James Savage with the University of Louisiana at Lafayette
Gov. John Bel Edwards participated in a benign ruse Friday to honor and surprise a University of Louisiana at Lafayette administrator who tackled a man who police said tried to steal the Magna Carta.
Matthew Delcambre is director of the Center for Business and Information Technologies at UL. In October, he and wife Alexis were visiting the cathedral in the city of Salisbury, about 90 miles southwest of London, where Delcambre had attended a conference.
A fire alarm sounded. Then, a man, holding a hammer, emerged from a bathroom and moved toward a display case that held the Magna Carta. The 803-year-old document is one of the world’s oldest symbols of democracy. It enumerates principles of fairness, justice and human rights, and inspired the creation of democratic governments in England and the United States.
Salisbury Cathedral displays one of four known copies of the 13th-century document in a glass enclosure. Police said the attacker struck the case at least three times, but fled once he found its double-paned glass top impenetrable. The Magna Carta, Latin for “great charter,” was not damaged.
Delcambre chased the man into an adjourning courtyard and tackled him. He and cathedral employees held the suspect on the ground until police arrived.
English media hailed Delcambre’s heroism. The Associated Press picked up those press accounts. The story then spread around the globe, and headlines in Louisiana caught Edwards’ attention.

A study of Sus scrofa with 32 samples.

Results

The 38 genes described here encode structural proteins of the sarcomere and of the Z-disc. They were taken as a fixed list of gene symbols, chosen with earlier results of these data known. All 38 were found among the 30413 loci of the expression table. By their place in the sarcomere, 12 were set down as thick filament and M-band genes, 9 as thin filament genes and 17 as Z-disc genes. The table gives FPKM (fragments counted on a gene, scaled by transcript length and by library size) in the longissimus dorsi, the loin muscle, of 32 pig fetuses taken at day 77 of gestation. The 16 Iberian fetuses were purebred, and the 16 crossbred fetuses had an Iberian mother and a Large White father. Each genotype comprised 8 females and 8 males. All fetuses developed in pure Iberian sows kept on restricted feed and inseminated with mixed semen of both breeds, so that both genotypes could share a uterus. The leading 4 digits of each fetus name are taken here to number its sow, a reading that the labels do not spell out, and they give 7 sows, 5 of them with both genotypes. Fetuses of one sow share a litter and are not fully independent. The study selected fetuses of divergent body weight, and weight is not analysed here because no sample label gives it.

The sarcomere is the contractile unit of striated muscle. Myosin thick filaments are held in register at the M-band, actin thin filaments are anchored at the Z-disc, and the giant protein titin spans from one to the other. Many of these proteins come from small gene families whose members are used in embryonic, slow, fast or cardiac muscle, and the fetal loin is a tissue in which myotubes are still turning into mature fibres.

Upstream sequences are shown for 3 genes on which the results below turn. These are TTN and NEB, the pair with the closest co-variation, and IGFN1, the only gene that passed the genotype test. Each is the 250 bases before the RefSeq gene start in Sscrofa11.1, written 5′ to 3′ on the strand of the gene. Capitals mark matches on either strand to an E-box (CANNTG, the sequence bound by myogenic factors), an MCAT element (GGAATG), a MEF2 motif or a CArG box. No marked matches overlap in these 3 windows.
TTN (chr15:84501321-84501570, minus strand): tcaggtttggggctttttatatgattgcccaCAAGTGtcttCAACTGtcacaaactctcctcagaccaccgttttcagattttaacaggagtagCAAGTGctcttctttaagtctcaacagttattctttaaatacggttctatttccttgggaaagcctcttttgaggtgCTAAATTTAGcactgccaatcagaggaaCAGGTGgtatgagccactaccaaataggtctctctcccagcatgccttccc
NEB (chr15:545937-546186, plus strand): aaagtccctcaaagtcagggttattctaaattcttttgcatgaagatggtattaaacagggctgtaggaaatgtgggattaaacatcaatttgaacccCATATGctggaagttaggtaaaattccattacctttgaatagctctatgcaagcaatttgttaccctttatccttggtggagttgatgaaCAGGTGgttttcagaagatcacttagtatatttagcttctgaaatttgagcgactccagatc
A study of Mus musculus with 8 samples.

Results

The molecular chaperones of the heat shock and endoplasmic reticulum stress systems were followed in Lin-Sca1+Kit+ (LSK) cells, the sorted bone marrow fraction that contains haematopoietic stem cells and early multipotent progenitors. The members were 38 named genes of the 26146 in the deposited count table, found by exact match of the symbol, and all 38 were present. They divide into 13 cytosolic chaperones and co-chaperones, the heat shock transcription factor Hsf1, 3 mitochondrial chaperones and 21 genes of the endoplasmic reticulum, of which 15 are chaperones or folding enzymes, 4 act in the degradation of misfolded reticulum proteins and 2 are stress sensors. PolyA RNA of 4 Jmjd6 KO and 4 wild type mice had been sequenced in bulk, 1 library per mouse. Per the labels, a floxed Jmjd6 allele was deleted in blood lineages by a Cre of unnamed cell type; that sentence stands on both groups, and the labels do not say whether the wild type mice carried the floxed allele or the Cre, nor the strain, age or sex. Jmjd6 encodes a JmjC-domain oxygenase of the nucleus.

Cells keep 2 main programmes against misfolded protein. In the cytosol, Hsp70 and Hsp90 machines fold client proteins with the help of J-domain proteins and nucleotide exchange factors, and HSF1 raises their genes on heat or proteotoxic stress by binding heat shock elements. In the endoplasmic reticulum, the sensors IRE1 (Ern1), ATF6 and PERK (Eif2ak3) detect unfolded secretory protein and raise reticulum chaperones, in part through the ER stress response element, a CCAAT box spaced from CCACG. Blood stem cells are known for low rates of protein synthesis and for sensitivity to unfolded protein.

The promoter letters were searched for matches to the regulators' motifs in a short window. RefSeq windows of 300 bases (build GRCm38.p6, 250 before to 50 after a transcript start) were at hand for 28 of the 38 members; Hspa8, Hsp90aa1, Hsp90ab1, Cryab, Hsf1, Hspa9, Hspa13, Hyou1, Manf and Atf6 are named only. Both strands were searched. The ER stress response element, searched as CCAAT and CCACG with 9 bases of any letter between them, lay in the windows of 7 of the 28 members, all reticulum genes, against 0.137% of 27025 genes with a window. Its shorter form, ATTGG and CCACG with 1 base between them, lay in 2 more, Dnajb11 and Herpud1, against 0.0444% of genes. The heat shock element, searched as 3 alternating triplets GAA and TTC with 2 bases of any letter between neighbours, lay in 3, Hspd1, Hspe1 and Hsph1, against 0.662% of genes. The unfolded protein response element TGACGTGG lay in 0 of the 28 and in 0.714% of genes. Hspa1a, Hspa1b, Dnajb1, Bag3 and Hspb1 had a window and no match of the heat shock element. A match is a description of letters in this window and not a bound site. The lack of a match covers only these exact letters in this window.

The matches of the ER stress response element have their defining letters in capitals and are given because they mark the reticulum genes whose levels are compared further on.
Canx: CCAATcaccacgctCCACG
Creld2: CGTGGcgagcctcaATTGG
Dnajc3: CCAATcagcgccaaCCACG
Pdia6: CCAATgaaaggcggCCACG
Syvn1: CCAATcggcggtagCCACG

The governor signed a commendation Nov. 9, acknowledging Delcambre’s actions, but decided he wanted to present it to him personally. The opportunity to do so came Friday prior to UL’s Fall Commencement. Edwards was the ceremony’s featured speaker.
But, there was a catch: Delcambre’s presence at the ceremony wasn’t guaranteed.
Enter Dr. Ramesh Kolluru.
The university’s vice president for Research, Innovation and Economic Development was the scheme’s primary architect. His office oversees the university’s research centers.
Delcambre is innovation managing director of the Center for Visual and Decision Informatics, as well as director of CBIT.
Kolluru phoned Delcambre and “told him that every commencement, I invite one of our research center directors” as his guest to the ceremony.
Delcambre accepted. But, it was a ruse. “I don’t actually do that, but now, I am thinking it’s not a bad idea,” Kolluru conceded with a laugh.
Delcambre stood near Kolluru in the Cajundome’s Mardi Gras Ballroom on Friday morning. The ballroom is where administrators and faculty bedecked in full academic regalia gather prior to commencements.
Edwards entered with University President Dr. Joseph Savoie, and the state’s chief executive began shaking hands, slowly moving toward Delcambre. Kolluru greeted the governor, then introduced Delcambre.
“Matt, I wanted to meet you,” Edwards said, quickly throwing his arm around Delcambre’s shoulders. The friendly gesture surprised Delcambre.
Edwards then opened a blue folder and began reading a special commendation that hailed Delcambre’s “bravery and heroism in safely securing the Magna Carta.”
Delcambre looked down at the carpet. His face flushed. It remained red for minutes after the brief ceremony concluded.
“This was completely unexpected,” said Delcambre, who has, since the October incident, declined to characterize his actions as heroic or even extraordinary. The self-effacement was on ready display Friday when he described himself as “very much” a private person.
“The response was very overwhelming. I did not think it was that big of a deal. I just did what I think most people would have done in that situation.
“Look, it wasn’t just me,” Delcambre continued. “They had workers and security at the cathedral that were part of this. I just happened to chase after him as he was getting away. Then, other people were able to come and help hold him until the police got there.
“The response has been much more than I ever expected, and it had died out,” Delcambre said. He paused, and a grin crossed his face. “Until today.”